Though society is currently (and rightfully) obsessed with killing germs, the best cleaning products in the game are not at all new. In fact, many iconic cleaners we still use today were invented in the 19th and 20th centuries. These items may seem ordinary now, but they're trusted cult-favorites for a reason — even back then, they revolutionized the way people think about hygiene.
Here, seven iconic cleaning products that are as effective as ever.
Yes, baking soda is used to make cookies and cakes, but it also cleans and deodorizes expertly. Arm & Hammer has produced the leading baking soda since 1846. The brand's pure sodium bicarbonate is free of harsh chemicals and gentle enough for delicate surfaces, yet manages to flawlessly remove stains, odors, grease, and more.
In 1882, chemist George William Hoffman accidentally discovered that a property of rhubarb called oxalic acid miraculously breaks down rust and tarnish. He used that active ingredient to develop a cleaning powder that he sold to taverns as a brass rail polish, which is how it became known as Bar Keepers Friend. It remains a go-to for stain removal on smooth surfaces, from metal to glass to porcelain.
When aluminum pots and pans gained popularity in the early 20th century, cooks realized they were difficult to clean and blackened easily. A cookware peddler and his jeweler brother-in-law found a solution by using jeweler's rouge, soap, and fine steel wool, and established Brillo to market their method. In the early 1930s, the company combined the soap into the steel wool pads themselves, creating a product that powerfully fights grease and grime today.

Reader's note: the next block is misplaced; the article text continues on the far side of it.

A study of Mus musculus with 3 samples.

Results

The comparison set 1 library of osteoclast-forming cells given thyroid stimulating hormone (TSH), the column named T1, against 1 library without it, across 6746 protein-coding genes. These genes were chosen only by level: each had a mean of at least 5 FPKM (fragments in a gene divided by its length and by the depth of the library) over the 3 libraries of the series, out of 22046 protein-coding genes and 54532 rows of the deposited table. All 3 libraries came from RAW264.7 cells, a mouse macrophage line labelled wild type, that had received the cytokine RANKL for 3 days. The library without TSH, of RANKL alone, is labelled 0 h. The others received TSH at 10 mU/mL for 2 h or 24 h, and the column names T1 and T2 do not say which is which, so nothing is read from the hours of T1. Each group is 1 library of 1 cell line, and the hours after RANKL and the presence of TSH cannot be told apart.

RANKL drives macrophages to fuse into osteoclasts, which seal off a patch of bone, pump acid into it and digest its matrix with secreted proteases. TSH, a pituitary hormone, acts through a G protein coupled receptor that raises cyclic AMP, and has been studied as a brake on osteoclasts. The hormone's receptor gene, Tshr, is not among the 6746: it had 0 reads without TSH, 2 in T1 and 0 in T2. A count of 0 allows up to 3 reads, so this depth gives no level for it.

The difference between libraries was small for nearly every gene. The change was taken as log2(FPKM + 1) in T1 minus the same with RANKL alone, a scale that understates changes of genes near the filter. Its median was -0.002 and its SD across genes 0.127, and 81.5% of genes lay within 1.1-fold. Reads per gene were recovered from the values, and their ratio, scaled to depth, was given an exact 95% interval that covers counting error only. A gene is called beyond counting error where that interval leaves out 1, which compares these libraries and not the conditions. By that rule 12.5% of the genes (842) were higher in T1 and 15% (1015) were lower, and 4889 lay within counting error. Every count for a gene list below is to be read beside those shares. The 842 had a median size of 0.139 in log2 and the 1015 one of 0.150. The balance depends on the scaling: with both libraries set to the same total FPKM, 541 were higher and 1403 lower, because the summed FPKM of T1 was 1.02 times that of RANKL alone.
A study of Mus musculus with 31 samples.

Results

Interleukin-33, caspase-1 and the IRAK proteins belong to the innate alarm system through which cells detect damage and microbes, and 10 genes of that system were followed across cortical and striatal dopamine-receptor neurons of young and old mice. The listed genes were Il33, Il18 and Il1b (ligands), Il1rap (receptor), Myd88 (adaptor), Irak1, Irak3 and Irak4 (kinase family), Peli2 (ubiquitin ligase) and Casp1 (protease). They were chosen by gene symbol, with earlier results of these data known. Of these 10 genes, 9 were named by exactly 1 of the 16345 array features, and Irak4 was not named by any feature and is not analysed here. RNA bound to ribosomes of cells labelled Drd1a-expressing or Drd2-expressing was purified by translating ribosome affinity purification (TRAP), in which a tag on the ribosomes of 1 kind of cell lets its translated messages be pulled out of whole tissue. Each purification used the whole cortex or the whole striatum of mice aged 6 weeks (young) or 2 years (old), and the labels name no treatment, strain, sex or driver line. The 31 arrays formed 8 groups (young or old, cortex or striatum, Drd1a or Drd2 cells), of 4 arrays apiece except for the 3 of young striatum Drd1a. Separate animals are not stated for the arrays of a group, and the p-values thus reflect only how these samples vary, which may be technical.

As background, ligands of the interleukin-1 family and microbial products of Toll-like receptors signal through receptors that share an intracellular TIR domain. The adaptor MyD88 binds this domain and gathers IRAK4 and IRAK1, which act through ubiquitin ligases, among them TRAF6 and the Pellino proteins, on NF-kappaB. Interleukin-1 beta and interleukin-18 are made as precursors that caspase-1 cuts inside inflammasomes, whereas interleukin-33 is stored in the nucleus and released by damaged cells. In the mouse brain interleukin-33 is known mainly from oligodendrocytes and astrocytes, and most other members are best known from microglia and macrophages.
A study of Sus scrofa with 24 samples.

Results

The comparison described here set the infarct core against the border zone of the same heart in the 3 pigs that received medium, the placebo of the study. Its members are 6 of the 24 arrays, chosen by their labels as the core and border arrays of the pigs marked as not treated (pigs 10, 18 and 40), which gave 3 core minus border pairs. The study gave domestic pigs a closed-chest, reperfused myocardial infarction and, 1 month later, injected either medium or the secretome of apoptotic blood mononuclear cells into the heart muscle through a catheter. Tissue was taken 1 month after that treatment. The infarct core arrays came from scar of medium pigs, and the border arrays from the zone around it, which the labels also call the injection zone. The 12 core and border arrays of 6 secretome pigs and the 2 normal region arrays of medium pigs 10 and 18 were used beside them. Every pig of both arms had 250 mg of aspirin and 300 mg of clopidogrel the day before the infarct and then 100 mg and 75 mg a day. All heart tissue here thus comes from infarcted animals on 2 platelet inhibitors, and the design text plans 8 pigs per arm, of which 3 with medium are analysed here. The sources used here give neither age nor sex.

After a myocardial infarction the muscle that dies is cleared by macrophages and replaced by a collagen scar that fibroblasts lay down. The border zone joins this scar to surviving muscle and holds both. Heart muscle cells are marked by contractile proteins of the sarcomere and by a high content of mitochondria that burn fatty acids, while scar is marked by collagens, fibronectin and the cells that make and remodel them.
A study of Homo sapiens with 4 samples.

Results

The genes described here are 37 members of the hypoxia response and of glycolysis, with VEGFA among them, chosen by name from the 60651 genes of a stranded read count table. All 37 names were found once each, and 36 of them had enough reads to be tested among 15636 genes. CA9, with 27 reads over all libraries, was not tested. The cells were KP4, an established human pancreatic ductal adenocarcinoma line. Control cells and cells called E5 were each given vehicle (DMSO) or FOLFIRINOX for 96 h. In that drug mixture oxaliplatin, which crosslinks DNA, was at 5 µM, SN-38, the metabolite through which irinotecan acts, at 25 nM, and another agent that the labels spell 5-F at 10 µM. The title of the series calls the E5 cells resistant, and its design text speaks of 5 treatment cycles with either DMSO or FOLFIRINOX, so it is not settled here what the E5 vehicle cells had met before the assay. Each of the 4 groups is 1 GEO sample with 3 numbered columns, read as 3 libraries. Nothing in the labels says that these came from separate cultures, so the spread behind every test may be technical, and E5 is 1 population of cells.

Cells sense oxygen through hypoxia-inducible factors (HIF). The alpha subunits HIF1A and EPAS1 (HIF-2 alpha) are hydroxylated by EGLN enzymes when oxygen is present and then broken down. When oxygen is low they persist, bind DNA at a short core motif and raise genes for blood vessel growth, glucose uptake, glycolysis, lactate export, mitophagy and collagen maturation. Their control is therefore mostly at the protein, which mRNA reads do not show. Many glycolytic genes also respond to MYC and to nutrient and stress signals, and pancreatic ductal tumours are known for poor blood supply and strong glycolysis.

Before Clorox, the public wasn't very familiar with liquid bleach. Though the brand, which was then called Electro-Alkaline Company, was established in 1913, it wasn't until investor William Murray took over as general manager in 1916 that the product became a success. Bill's wife Annie, who ran a grocery store in Oakland, California, built a customer base by giving out free samples to homemakers. Word began to spread and it's never stopped.
Ironically, Lysol was first introduced in 1889 to help end a cholera epidemic in Germany and was then marketed as a defense against the 1918 Spanish flu pandemic. Now, the product is known for sufficiently exterminating fungi, viruses, and bacteria.
Though Mr. Clean started in 1958 with an all-purpose cleaner, the brand's muscular, bald mascot and Magic Erasers are its true claim to fame. To the untrained eye, the eraser looks like a white sponge. Fans know that when you add a little water and scrub, the magic happens. It conquers even the most impossible dirt, grease, and soap scum, everywhere from the shower to the kitchen to the walls.
The world's first heavy-duty detergent, Tide was launched in the late 1940s. Known as the "washday miracle," the powder product conveniently emerged at the same time the washing machine became an affordable household appliance. The line has expanded to include notable items like liquid detergent, a stain removal pen, and pods, but the original powder still works wonders.
Katie is a Los Angeles-based writer who covers shopping trends, deals, and product reviews for Hunker. She's written for PureWow, Food Network, and Well+Good. When not online shopping, you can find her collecting vintage glassware or rewatching Nancy Meyers' movies for design inspo.